Akava: Finland needs a programme for diversified work
Akava proposes that a strategic programme concerning the diversification of work should be prepared in Finland as a means of responding to the transformation of work and preparing for the related changes in working life.
The diversification of work and related changes are the result of a technological revolution and globalisation that will transform the work itself as well as the labour market structures, ways of working, working hours, places for working and work communities.
Akava’s Board has approved a programme for diversified work as part of Akava’s broader project intended to survey the diversification of working life. The programme deals with cross-cutting themes concerning one’s life cycle and career, including competence development, livelihood, security, well-being at work and labour market issues.
“Akava pursues to ensure a working life where employees thrive and succeed. We endeavour to proactively develop working life and education, their contents and structures as well as related legislation so that they will respond to the challenges of the diversifying work situation”, explains Sture Fjäder, President of Akava.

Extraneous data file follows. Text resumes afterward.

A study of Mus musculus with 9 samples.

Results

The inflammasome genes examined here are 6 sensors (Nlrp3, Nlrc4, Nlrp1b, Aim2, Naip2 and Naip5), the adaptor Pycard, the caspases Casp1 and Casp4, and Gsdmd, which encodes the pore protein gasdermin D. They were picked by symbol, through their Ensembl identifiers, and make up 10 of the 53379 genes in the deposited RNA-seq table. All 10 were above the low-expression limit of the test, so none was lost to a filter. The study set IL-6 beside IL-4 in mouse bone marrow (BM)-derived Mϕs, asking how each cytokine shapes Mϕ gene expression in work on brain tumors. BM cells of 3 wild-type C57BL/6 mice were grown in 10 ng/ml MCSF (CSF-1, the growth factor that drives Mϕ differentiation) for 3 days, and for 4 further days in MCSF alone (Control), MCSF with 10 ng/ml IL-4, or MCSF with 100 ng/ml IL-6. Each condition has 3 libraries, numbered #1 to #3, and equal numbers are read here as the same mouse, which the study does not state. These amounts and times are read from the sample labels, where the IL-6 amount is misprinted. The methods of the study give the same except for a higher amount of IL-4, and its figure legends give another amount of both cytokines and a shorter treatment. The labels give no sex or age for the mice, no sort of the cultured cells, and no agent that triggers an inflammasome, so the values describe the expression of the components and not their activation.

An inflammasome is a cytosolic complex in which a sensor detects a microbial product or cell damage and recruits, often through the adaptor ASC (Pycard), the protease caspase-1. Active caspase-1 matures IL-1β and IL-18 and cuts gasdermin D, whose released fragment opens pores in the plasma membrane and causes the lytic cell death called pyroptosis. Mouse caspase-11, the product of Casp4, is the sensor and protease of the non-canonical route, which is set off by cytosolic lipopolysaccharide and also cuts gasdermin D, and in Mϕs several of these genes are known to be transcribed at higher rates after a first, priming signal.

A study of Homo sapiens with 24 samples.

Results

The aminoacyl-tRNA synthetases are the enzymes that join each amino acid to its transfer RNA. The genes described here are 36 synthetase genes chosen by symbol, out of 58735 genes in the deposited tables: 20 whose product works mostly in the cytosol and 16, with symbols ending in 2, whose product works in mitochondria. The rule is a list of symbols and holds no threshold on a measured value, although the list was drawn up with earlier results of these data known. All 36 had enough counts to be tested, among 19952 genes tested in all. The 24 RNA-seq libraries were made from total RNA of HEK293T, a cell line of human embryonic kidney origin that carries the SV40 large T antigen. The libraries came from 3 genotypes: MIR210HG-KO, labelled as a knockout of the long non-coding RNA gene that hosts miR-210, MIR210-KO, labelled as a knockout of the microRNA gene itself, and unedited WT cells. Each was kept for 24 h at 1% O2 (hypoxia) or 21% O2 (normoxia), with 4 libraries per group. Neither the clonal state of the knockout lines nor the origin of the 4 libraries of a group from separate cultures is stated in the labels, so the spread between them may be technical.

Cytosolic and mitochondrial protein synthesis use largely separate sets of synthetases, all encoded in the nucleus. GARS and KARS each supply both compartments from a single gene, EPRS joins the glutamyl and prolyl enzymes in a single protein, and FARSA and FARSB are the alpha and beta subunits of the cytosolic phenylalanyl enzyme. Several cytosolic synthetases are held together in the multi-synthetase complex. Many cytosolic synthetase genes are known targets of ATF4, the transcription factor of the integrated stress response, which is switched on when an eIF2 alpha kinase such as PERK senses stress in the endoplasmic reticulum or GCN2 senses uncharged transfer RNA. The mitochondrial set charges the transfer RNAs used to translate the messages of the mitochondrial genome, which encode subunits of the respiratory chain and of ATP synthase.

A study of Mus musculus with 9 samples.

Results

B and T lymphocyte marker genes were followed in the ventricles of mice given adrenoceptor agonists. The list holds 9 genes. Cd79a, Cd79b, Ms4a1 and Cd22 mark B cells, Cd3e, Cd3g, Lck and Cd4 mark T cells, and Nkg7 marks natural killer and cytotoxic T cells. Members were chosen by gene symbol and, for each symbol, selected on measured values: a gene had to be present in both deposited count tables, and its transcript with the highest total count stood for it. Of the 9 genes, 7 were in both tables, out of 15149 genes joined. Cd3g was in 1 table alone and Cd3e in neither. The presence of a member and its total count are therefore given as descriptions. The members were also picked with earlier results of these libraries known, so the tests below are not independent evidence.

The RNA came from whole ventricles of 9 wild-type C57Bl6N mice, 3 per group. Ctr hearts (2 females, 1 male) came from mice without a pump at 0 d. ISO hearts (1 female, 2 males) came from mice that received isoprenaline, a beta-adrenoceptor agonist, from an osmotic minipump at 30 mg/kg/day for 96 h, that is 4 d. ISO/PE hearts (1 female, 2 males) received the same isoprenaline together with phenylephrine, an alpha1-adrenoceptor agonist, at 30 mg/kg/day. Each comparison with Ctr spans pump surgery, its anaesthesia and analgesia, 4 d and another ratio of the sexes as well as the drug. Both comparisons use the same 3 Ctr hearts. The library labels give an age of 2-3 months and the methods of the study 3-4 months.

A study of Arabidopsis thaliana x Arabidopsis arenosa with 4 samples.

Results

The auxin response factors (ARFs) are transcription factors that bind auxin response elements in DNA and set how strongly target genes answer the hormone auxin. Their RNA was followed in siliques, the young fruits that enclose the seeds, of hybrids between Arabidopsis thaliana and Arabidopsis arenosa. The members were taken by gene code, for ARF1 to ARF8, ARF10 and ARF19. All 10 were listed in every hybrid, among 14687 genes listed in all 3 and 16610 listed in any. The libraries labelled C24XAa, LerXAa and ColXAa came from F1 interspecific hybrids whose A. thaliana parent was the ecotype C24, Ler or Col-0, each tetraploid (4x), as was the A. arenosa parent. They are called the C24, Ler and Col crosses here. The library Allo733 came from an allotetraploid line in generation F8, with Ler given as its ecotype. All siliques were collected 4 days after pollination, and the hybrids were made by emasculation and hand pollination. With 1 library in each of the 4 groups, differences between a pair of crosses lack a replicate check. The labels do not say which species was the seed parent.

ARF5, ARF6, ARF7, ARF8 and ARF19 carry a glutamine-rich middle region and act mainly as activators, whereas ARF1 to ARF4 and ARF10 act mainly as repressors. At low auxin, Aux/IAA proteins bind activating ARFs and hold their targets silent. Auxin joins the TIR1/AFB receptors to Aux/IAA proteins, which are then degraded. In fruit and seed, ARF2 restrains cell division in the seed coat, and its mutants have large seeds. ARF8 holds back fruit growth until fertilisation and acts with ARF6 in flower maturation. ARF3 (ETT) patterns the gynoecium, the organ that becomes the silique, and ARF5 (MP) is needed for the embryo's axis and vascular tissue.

Young people are open to diversified forms of employment
According to a questionnaire survey conducted by Aula Research for Akava, young adults aged 18–35 years are more open to diverse forms of employment than the older age groups. Approximately 40 per cent of the respondents were hoping to be employed in ways other than just as wage-earners, or they stated that the form of employment made no difference.
“The hopes and expectations of young people reflect an increase in the appeal of self-employment, a trend that is appearing along with the transformation of work. Paid work still holds the predominant position, but other forms of work are also now seen as possible options”, says Anu Tuovinen, Senior Advisor at Akava.
Similar to the older age groups, young adults are also security-oriented; the majority (56%) of 18–35-year-olds wish to be employed as wage-earners in the future. The younger group, however, is also open to other forms of employment; of the highly-educated 18–35-year-olds, 8% wish to be employed as entrepreneurs and 14% would like to work concurrently as wage-earners and entrepreneurs. Nearly one fifth (19%) say that the form of employment does not matter.
According to Tuovinen, the results emphasise the need to discuss the clear-cut division between wage-earners and entrepreneurs, and reconsider this in terms of working life, legislation and attitudes.